Godzilla_DVDAs Godzilla thunders across Japan, the guardian monsters move to stop him. Baragon is the first to challenge Godzilla. Though he struggles valiantly, the burrowing reptile is no match for the overwhelming power of Godzilla. When Godzilla marches on Tokyo, the two remaining guardians, Mothra and King Ghidorah, combine their power in a final battle against the unstoppable juggernaut. Will Admiral Tachibana and the military be able to tip the scales in favor of the guardian monsters? Can Yuri stay alive long enough to tell the story? Can anything stop Godzilla?

Does anyone really care?

With all of the hype surrounding Blu-Ray and HD-DVD, you would think that Hollywood was trying to write a new Japanese B-movie script.

First, we get the trash talk from Matsushita (Panasonic) indicating that reconcilliation is impossible, and “The market will decide the winner.” Then, rumors abound that Sony (SNE) plans to ship the Playstation 3 in November, complete with Blu-Ray drive and $399 price tag – never mind that no working Blu-Ray player is on the market right now. It isn’t clear how $399 is economically feasible given Toshiba is wrapping $100 bills around every HD-DVD player it ships out at a $500 ASP. And even this is shocking given their HD-DVD player is commodtiy IDE PC drive disguised as home electronics.

I’m still sticking with the opinion that both formats win in different applications. This opinion appears to be echoed by Reed Hastings, CEO of Netflix Inc. (NFLX), during their latest quarterly conference call.

In Q2, both HD DVD and Blu-ray are soft launching, in preparation for a larger retail push in Q4. We believe Microsoft (MSFT) sees studio support of HD DVD as very important to their game format battle with Sony (SNE). We also believe that X-box and Vista will support HD DVD more directly with every one of their product updates.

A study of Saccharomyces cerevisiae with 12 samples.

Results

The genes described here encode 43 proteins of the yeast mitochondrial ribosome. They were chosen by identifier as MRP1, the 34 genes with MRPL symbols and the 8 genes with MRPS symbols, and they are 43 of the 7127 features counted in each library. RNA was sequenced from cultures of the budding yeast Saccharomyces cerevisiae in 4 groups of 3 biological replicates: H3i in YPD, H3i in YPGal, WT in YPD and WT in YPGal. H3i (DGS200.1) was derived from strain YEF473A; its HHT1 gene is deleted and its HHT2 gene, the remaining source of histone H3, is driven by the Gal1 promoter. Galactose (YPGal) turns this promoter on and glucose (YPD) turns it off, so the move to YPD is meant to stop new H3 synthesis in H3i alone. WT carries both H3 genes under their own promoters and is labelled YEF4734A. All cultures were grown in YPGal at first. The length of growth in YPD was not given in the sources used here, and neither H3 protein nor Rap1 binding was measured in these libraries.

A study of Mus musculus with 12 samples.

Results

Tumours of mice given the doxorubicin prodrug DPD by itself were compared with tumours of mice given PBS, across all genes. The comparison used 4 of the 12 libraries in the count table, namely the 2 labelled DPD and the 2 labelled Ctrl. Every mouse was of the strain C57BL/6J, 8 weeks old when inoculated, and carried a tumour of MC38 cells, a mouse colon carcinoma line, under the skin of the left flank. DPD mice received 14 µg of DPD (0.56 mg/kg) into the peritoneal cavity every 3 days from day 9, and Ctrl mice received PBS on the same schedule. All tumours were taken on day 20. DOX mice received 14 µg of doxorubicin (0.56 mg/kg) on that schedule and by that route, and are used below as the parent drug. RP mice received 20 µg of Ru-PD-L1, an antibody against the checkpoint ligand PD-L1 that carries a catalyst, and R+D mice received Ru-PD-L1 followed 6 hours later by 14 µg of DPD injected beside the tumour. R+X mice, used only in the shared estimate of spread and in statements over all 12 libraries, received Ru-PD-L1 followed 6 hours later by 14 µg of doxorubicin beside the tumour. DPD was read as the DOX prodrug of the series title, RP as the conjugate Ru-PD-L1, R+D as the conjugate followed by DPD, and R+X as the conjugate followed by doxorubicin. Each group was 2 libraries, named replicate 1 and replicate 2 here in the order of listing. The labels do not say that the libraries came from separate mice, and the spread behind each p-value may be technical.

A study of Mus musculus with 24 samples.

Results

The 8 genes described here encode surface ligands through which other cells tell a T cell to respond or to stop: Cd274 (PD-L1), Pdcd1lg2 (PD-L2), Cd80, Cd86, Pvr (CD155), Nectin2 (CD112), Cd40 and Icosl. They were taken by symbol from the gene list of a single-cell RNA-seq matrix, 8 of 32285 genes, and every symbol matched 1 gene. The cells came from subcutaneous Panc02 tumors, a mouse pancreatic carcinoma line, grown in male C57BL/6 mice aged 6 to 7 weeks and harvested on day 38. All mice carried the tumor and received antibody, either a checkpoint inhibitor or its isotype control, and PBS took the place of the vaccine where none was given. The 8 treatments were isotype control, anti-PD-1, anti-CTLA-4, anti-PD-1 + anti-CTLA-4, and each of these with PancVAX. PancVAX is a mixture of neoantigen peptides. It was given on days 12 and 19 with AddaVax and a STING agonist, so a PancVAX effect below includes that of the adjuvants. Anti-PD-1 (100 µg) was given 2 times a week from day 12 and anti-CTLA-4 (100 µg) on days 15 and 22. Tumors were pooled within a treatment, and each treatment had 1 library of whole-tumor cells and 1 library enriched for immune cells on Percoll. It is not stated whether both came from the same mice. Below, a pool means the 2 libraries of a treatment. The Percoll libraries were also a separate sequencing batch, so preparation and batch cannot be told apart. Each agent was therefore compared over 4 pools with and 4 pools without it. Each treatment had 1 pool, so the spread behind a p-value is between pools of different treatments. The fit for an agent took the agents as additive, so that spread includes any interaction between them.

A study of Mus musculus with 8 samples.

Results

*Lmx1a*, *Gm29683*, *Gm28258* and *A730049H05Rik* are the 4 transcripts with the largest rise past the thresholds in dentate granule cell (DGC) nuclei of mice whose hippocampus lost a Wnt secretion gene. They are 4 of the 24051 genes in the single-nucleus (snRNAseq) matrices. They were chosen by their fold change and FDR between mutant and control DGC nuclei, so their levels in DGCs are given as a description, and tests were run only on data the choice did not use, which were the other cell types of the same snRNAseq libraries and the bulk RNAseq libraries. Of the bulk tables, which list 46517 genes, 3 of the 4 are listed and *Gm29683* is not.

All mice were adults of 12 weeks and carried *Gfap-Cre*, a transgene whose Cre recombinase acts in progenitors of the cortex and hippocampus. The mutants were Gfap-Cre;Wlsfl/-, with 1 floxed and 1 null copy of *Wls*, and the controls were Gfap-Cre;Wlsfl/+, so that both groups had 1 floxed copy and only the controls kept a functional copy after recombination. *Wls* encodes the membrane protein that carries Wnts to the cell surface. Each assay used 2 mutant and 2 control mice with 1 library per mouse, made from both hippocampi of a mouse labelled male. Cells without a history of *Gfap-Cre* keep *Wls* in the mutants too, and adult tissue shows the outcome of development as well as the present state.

Therefore, since neither Sony nor Microsoft will concede nor win in this format war for at least several years, there will be a protracted competition which will hurt the adoption of high-definition DVD, despite everyone’s best intentions to avoid a format war.

There is, however, a practical solution. If all studios were to embrace both formats agnostically, consumers would be reasonably comfortable buying either format and presumably making their purchase decisions based on hardware, price and features.

Studios have supported VHS and DVD for years, so supporting two formats is not something new.

Embracing both formats is exactly what studios will do, and they will use the formats to price differentiate their product.

The reality is that 10 years from now getting your media on a silly plastic disk will seem as ridiculous as…. watching a Godzilla movie marathon. Movies are going to be downloaded to your set-top-box/DVR/home theater PC.

Netflix on Net Neutrality

Netflix logoReed Hastings, The CEO of Netflix (NFLX), had some of the most sensible and level headed words I’ve heard on the highly polarizing issue of Net Neutrality. I wrote about the subject in “More Government != Better Broadband“.